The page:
Kenneth Pollack has a great article on what went wrong in Iraq. It’s an excellent summary, and adds up to a devastating indictment of the Bush administration.
Much of it has will be familiar to those who have read George Packer’s the Assassins’ Gate, but two good points were news to me:
- The Repubs’ disdain for the UN is a major reason they failed in Iraq. The US is not good at rebuilding failed states, and it alienated and insulted those who are.
One of the greatest problems the United States faced was that it simply did not have enough people who knew how to do all of the things necessary to rebuild the political and economic systems of a shattered nation. The UN, in contrast, had worked with thousands of people with such skills in Cambodia, Bosnia, Kosovo, East Timor, Afghanistan, and elsewhere. Had the UN asked those people to help in Iraq, they probably would have come. In contrast, they proved mostly unwilling to answer the same call from the Bush Administration, especially when Washington rudely and repeatedly emphasized that reconstruction in Iraq would be done their way and no other. The ability to tap into a much larger network of people with desperately needed skills, by itself, was a crucial virtue of the UN that was lost to the United States out of sheer hubris.
- Iraq was not Poland, a post-communist nation with a dissident organization ready to take over. Saddam was the sort of leader who chops down any grain that rises above the mean; except in Kurdistan, there were simply no alternative leaders. This isn’t an insoluble problem: you just start at the local level, creating local councils that allow talent to rise up; later, regional councils, and finally, after a few years, a national administration.The Bush administration would have none of this. It was in a hurry to get out, and wanted to hand off the appearance (though not the reality) of power to Iraqis, preferably Ahmad Chalabi. Thus they created the Iraqi Governing Council, an unelected body of mostly unknowns who had little interest in creating a representative democracy.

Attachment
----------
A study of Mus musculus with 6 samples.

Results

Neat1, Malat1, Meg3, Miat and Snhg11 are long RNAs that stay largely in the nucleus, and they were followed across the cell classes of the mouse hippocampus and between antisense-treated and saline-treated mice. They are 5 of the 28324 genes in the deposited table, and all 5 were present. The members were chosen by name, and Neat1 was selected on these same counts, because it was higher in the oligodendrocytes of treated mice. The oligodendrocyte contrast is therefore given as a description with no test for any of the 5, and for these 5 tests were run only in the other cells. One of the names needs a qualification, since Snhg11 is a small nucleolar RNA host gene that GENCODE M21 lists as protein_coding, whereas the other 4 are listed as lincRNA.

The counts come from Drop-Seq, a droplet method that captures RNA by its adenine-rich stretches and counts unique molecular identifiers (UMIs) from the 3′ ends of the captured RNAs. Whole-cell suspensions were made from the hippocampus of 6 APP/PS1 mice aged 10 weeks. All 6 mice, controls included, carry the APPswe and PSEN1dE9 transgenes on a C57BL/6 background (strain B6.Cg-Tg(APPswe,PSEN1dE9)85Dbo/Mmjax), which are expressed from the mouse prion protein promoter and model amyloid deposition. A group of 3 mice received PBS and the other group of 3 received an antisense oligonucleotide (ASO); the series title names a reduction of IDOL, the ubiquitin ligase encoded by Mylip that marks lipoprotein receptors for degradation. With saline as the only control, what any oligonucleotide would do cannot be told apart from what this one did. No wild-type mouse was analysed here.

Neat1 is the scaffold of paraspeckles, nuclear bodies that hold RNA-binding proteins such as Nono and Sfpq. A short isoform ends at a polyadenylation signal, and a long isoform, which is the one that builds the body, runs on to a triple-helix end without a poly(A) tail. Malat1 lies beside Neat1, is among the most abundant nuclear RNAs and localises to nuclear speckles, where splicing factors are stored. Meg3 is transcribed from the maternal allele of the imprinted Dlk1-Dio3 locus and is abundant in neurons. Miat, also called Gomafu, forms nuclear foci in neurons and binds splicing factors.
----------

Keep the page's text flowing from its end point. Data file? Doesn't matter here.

Many of the IGC leaders were horribly corrupt, and they stole from the public treasury and encouraged their subordinates to do the same. They cut deals with nefarious figures, many in organized crime. They built up their militias and insinuated them into the various security services. They used the instruments of government to exclude their political rivals from gaining any economic, military, or political power—particularly Chalabi, who gained control of the de-Ba’thification program and used it to exclude large numbers of Sunnis from participating in the new Iraqi government.
The worst tragedy of Iraq is that almost every mistake was avoidable. At every point the Bush administration had access to key knowledge and chose fantasy instead.